The trial of Alexandria prosecutor William L. Cowhig on an illegal gambling charge began yesterday as lawyers in opening arguments presented contrasting versions of Cowhig's presence at bingo games in the city.
Special prosecutor Edward J. White told the Alexandria Circuit Court jury that Cowhig was instrumental in the organizing and running of allegedly illegal bingo games conducted by B & J Specialties, Inc., in 1977. Cowhig "personally profited" from the bingo games, and attempted to "cover up" his involvement when police began investigating, White said.
Defense attorney Blair Lee Howard countered that Cowhig had done nothing more than attend several games "in fulfilling his obligation as Commonwealth Attorney" in a city where many questions about bingo games had arisen. Cowhig had not organized the games that were run by others, Howard said.
None of the seven witnesses called by White yesterday connected Cowhig directly to the operation of the bingo games. All of them testified they had seen the 53-year-old prosecutor at the games on various occasions, either talking to the managers of the bingo parlor, located at 4603 Duke St., or chatting with customers. Cowhig often purchased ice cream cones at a nearby store before entering the bingo hall, several people said.
An Alexandria policeman, William F. Yost, who worked at the bingo hall as a security guard when off-duty, testified he "assumed" Cowhig was present in an official capacity or because he was interested as a prosecutor in the activities of a massage parlor and X-rated movie theater located in the same shopping mall.
Cowhig has been under fire for nearly a year since allegations surfaced about his connection to lucrative bingo games in the city, which last year grossed a reported total of $1.2 million. Cowhig was indicted last Aug. 3 on three counts relating to bingo, becoming the first commonwealth's attorney in Virginia history to be indicted while in office.
The gambling indictment charges that he helped organize, manage, and personally profit from allegedly illegal bingo games run by B & J from March 1 to Sept. 1, 1977.
Last month Cowhig was acquitted of a charge that he had asked for and received $32,000 in bribes from the operator of bingo games run by the Montessori School of Alexandria, Inc. He is scheduled to stand trial March 5 on another illegal gambling charge in connection with bingo games run on behalf of an Explorer Scout troop Cowhig helped organize.
Cowhig has declined all comment on the indictments except to plead "not guilty" in a strong voice yesterday, as he did at the bribery trial last month.
Under Virginia law, bingo games are permitted only when they are conducted by unpaid volunteer members of a sponsoring charitable organization. Before his indictment Cowhig told The Washington Post that as a lawyer in private practice he had acted as the incorporating attorney for B & J Specialities, Inc., a for-profit firm that he said manufactured desk sets and commemorative plaques.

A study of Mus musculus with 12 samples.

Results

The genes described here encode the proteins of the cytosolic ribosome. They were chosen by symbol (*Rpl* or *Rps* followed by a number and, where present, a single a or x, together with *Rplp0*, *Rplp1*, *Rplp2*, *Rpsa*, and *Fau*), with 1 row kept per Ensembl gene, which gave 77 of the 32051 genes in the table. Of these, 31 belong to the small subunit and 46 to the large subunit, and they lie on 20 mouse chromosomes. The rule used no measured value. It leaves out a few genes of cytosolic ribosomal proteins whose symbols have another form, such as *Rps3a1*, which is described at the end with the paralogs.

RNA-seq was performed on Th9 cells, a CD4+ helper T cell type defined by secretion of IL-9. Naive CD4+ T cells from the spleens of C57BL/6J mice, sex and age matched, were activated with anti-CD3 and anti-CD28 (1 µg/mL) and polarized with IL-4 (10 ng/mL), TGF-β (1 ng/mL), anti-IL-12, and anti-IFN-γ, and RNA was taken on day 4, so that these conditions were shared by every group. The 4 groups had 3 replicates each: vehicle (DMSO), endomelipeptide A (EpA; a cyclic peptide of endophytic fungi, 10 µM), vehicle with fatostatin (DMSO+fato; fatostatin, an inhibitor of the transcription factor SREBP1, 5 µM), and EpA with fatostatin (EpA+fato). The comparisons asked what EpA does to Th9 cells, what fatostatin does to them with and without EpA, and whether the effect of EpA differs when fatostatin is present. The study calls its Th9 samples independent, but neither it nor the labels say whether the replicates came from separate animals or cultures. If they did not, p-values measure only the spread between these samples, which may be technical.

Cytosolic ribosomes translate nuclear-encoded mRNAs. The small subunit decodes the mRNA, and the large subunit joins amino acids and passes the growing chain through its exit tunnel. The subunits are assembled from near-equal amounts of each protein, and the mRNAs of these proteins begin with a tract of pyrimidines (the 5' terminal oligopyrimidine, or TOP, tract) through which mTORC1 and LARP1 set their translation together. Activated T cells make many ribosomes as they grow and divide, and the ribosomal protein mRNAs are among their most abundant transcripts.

The owner of B & J Specialties, James R. Fike, has been indicted on illegal gambling charges in connection with bingo. Fike recently was convicted of a misdemeanor violation of the state bingo law in another matter.
The calm, quiet atmospher in the courtroom yesterday contrasted sharply with Cowhig's first trial, when defense attorneys had loudly castigated the motives of witnesses against Cowhig, and f equently interrupted prosecutor White with heated objections.
Cowhig yesterday sat stoically at the defense table in the high-ceilinged courtroom, occasionally whispering with defense attorneys Howard and James C. Clark. During recesses he chatted with old friends.
White was frustrated in his efforts to introduce testimony and exhibits concerning the profitability of other bingo games previously held at the Duke Street location when presiding Judge Percy Thornton Jr. sustained defense objections that such material was not relevant to the Cowhig case.
Robert Gerber, an Alexandria contractor who testified he had been granted immunity from prosecution by White in exchange for his testimony, testified that he had seen Cowhig's wife, Shirley, and Cowhig's daughter, Mary Jo, working at the bingo hall.
Gerber testified that he had loaned Robert Hinkle, the manager of the hall, $1,200 to start the games. Gerber testified that the rent for the bingo parlor was $3,500 each month. Defense attorneys successfully stopped Gerber from explaining to the jury how a $1,000 deficit in rent payments during one month had been made up.